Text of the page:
Even More Caution Needed When Buying Free Range Eggs

Even More Caution Needed When Buying Free Range Eggs

The task of buying free-range eggs has become even more complicated. Queensland has changed the rules for what can be described as ‘free range’, increasing the number of chickens allowed per hectare on a free-range farm by a factor of more than six.

Eggs picture from Shutterstock

Queensland now allows farms with up to 10,000 birds per hectare to describe their produce as ‘free range’, up from a previous limit of 1500. As Australian Food News reports, that is upsetting producers in other states. Similar proposals have been made by Coles in the past.

Companies that misuse the free range label often find themselves scrutinised by the Australian Competition and Consumer Commission. Checking those claims becomes more difficult when different rules apply in different states.

The lesson? While it would be nice to be able to rely on labels such as ‘free range’ or ‘organic’, they’re not spectacularly informative. If those issues matter to you, you need specific information on the provenance of those goods. Especially if you live in Queensland.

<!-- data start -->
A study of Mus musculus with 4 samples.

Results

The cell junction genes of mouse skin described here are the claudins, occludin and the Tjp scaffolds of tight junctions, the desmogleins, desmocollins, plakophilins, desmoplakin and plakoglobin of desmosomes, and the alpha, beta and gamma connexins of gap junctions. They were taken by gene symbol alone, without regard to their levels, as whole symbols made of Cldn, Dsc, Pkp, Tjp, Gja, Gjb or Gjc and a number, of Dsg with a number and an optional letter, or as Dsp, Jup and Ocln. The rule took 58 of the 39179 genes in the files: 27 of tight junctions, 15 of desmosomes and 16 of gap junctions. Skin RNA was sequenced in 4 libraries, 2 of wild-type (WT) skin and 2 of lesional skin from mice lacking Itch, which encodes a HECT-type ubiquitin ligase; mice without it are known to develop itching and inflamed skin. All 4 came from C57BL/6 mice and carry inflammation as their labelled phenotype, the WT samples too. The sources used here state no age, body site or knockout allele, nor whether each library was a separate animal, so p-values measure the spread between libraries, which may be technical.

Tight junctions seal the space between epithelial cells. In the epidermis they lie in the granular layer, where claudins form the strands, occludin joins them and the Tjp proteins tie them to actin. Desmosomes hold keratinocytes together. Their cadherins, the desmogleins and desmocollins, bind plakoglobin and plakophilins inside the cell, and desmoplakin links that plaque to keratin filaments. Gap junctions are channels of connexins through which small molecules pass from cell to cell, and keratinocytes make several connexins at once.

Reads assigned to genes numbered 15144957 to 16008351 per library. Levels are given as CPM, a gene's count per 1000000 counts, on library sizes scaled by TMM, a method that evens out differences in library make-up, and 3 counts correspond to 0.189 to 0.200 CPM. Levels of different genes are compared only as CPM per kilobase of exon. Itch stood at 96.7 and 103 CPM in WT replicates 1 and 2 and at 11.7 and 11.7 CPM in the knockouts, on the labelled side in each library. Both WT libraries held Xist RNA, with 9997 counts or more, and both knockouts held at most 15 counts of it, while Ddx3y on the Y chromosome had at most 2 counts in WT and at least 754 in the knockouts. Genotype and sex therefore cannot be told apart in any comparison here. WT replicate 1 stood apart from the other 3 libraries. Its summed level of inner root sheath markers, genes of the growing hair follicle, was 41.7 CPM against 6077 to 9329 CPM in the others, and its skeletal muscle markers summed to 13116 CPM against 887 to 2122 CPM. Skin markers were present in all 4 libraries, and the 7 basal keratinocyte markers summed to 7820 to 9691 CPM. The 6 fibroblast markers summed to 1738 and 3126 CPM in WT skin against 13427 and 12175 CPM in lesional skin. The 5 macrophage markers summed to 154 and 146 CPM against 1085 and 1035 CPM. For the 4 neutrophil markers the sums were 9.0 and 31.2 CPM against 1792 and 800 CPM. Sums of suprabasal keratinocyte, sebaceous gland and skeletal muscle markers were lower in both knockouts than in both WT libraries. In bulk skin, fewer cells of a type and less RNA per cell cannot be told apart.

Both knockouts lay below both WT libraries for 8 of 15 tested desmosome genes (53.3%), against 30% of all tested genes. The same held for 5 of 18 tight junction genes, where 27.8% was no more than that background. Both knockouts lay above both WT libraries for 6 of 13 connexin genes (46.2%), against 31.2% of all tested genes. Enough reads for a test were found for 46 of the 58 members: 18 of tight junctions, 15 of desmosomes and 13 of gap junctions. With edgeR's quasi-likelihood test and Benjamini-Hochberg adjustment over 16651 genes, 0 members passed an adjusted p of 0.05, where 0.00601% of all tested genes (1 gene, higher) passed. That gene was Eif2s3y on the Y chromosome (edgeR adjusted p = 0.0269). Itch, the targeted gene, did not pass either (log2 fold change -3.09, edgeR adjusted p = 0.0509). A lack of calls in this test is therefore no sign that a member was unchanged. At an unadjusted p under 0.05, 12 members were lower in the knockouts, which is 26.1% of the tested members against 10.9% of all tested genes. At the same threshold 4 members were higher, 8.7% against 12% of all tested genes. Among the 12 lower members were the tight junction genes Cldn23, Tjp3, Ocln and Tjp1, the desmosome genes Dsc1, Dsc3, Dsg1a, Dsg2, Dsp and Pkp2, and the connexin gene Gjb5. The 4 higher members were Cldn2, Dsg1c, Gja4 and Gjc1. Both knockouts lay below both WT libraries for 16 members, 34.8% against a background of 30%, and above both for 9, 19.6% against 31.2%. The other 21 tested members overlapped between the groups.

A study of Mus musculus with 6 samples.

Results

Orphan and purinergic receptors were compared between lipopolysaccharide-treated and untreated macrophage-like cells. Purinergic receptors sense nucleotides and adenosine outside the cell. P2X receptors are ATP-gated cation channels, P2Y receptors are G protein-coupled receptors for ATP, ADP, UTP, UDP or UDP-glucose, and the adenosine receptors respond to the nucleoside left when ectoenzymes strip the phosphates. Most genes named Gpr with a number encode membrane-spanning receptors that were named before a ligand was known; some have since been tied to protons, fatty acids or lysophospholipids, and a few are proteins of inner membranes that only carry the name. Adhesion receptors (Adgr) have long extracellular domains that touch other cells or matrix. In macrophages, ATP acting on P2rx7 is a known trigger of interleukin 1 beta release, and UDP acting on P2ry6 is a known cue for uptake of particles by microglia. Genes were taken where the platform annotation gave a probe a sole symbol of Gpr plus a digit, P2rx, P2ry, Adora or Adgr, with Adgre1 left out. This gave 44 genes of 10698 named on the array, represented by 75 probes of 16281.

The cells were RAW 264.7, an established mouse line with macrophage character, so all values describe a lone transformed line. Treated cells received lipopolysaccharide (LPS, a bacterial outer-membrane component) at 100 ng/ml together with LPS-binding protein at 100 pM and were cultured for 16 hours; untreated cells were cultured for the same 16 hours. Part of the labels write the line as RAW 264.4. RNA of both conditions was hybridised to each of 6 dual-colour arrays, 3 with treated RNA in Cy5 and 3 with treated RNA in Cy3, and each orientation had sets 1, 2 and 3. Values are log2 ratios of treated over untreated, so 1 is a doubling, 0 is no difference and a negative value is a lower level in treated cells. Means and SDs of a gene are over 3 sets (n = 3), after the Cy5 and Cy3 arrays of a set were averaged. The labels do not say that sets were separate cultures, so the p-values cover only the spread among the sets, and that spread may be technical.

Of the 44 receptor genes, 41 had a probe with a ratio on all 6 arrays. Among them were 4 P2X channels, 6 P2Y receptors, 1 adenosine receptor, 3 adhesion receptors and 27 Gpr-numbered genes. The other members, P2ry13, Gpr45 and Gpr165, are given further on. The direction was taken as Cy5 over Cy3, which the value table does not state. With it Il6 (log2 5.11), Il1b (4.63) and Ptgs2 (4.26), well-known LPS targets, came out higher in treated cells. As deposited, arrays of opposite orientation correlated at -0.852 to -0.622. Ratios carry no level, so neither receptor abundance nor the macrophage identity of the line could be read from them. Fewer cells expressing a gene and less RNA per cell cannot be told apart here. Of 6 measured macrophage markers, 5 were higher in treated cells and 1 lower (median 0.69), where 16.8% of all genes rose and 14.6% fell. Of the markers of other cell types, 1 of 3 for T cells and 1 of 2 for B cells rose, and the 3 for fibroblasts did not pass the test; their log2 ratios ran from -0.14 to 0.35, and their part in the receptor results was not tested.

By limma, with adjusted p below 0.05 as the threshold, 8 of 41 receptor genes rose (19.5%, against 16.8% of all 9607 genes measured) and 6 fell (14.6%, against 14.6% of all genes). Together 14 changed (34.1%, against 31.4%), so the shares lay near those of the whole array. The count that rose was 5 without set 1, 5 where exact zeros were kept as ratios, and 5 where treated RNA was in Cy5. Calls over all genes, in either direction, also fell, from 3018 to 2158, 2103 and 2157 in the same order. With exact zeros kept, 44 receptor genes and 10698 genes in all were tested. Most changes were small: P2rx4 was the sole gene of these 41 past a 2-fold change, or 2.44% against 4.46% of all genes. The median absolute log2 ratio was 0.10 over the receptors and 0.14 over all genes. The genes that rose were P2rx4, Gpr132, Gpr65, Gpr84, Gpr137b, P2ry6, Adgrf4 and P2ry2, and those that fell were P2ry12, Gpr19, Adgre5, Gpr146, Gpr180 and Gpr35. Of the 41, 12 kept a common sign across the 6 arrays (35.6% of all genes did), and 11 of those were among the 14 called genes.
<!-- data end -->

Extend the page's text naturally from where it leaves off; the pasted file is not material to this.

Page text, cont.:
We shouldn’t delude ourselves that this is a massive consumer concern. Eggs are one of the top-selling store brand items, and those cheap eggs come entirely from caged birds.

South Australian Government ‘disappointed’ by changes to Queensland ‘free range’ egg standard [Australian Food News]


    • Hey thats not so bad at least theres room for the person to walk in between without thier foot stepping on 6 chickens at once

  • I am willing to pay more for eggs that are from humanely raised chickens, because I think that cage eggs are unethical. When the definition of free-range is warped like this (or applied to the letter but not the spirit of the regulations) it makes it really hard to make informed choices, and that makes me sad 🙁

  • What I dislike about this is that it allows producers to charge premium prices (free range eggs cost more – because the costs are higher to produce) for non-premium product. It’s ripping off the consumer who is willing to pay more for ethically produced eggs and ripping off the producers who are doing the right thing – by having them compete against those who are not.

  • There are 10,000 square metres in a hectare right? So one square metre per bird… Could be worse I guess!

  • Wow. That’s actually appalling. Wonder if they’re going to make changes to certified organic as well from 1,000 per hectare to something similar to free range.